Laying Off “Safety”: Managing Knowledge Transfer Through the Downturn to Maintain Industry Best Practices

By Greg Fletcher at North Highland Worldwide Consulting, and Josh Arceneaux at North Highland Worldwide Consulting. This article appears in the March/April 2016 issue of Inspectioneering Journal

Introduction

It is estimated that there have been more than 250,000 layoffs in the oil and gas industry since the price of oil began to drop precipitously in late 2014. With oil not expected to rebound significantly for at least the next year or so, we should be ready for even more workforce reductions. In addition, there is the ongoing reality of baby boomers retiring from the workplace – also known as the impending shift or crew change.

The industry has been addressing this conundrum over the last decade, with the recent workforce reductions accelerating the shift. The first wave of baby boomers reached the potential retirement age of 62 in 2008, and more will continue to reach this age until 2025. Despite the reduction in workforce – with gaps in key experience, skills, and knowledge – operations, maintenance, and capital projects will continue to move forward to meet energy demands. Most importantly, these operations must still be executed in a safe and sustainable manner, with a focus on maintaining asset integrity and reliability.

Implications for the Oil and Gas Industry

What are the implications for companies across the oil and gas industry who have made the difficult decision to lay off hundreds and thousands of workers, primarily due to market conditions? 

While there are indeed financial impacts to recruiting, onboarding, training, and retaining new employees, there are also potential impacts to safety and increased exposure to risks at job sites. The tenure of these employees may range from 2 to 35 years at one company. Not only do these individuals possess technical skills and industry expertise, they also possess the knowledge of how that particular company operates, knowledge about specific pieces of equipment and systems, how projects get executed, how often and to what degree assets are inspected, or the sound a compressor makes before it’s about to fail (even when the indicator levels appear normal).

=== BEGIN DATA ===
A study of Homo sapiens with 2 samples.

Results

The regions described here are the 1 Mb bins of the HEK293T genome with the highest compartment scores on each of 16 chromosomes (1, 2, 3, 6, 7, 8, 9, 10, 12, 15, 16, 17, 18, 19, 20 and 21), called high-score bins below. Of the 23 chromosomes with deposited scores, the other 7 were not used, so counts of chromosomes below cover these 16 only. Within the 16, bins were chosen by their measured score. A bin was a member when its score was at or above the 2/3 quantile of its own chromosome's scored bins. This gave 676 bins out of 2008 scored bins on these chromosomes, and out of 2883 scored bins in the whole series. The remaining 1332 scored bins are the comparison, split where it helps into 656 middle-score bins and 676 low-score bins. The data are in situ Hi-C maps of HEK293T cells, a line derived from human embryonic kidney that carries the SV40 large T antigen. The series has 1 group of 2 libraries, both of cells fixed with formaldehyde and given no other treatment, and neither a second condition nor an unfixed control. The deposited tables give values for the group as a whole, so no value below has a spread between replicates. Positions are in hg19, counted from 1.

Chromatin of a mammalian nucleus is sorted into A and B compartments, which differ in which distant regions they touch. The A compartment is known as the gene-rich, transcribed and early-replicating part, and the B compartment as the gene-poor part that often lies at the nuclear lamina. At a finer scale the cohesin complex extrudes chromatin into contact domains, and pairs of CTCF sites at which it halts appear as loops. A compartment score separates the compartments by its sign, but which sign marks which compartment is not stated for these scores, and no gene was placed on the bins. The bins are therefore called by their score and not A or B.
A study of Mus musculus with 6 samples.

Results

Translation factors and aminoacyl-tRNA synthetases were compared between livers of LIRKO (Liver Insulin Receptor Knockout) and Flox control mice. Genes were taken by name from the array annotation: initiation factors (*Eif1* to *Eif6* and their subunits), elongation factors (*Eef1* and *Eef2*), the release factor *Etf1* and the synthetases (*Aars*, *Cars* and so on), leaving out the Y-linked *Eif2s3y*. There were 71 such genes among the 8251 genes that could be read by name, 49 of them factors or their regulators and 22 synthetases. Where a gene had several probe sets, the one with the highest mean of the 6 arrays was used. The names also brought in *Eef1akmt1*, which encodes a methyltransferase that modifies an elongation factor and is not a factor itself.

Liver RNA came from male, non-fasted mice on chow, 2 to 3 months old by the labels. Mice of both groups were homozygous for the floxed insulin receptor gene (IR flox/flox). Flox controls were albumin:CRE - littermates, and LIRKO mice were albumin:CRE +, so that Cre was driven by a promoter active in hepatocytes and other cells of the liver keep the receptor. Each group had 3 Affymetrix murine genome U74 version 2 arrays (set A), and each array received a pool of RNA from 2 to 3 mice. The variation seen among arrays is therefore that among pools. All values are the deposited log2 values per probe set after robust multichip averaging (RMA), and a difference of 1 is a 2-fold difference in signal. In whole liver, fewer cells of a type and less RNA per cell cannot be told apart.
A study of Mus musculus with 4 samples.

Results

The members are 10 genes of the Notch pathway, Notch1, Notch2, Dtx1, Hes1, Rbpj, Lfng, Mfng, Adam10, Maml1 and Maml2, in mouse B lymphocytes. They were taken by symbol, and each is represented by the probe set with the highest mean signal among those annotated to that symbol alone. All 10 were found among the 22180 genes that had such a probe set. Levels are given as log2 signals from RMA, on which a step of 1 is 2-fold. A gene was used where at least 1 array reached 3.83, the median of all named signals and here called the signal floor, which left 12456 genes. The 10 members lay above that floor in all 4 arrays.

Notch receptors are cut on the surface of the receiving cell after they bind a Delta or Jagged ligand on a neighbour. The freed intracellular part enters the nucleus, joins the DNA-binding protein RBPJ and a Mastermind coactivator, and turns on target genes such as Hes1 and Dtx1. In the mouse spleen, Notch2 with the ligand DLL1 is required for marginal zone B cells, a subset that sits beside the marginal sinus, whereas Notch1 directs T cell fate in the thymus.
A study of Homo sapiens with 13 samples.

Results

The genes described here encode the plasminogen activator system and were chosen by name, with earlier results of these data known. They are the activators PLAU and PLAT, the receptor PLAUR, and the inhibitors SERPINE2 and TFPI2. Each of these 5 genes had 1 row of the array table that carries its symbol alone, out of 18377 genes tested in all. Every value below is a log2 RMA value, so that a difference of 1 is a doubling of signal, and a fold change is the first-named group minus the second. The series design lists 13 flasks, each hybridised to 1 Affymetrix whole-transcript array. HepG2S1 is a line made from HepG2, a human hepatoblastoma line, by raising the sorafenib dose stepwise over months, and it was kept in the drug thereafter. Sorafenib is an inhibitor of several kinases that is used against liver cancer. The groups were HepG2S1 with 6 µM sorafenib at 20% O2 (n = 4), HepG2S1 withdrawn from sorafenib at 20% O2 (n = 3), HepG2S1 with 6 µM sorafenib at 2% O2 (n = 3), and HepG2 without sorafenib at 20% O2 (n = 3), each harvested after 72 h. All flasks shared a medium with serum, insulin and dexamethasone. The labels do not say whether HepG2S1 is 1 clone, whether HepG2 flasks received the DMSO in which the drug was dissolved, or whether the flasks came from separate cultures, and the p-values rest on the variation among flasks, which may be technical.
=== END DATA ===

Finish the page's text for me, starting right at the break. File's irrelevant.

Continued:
In some cases, these skills, processes, procedures, and work steps are available through training or varying levels of documentation. Unfortunately, this information is often missing or incomplete, and only resides fully in the person’s head that has just left the workforce.  

Why Knowledge Management Matters

According to Peter Drucker, a high profile management consultant, educator, and author, “there is a vast quantity and diversity of information stored in people’s heads. If one of them walks out of the door and takes the knowledge with them, it takes 20 to 30 times that person’s salary to replace.” 

Many companies are scrambling to retrieve this knowledge and information from departing employees before they leave. Unfortunately, it is often too late to thoroughly capture pertinent information not already debriefed in an employee’s final days (or day). Departing employees are typically emotional or disengaged, and focused on their personal needs. Therefore, it is important to establish an effective, comprehensive knowledge management program to proactively capture, share, maintain, and retain this valuable knowledge, particularly when it relates to safe and reliable projects and operations.

The Gartner Group defines knowledge management as “a discipline that promotes an integrated approach to identifying, capturing, evaluating, retrieving, and sharing all of an enterprise’s information assets. These assets may include databases, documents, policies, procedures, and previously un-captured expertise and experience in individual workers.”

Companies with leading edge knowledge management programs tend to employ an intentional strategy for transferring knowledge, and maintain an organizational culture where knowledge transfer is promoted within a learning environment. Leaders can have a significant impact on organizational culture and establishing a learning organization as they set the tone and direction for promoting knowledge sharing behaviors and attitudes.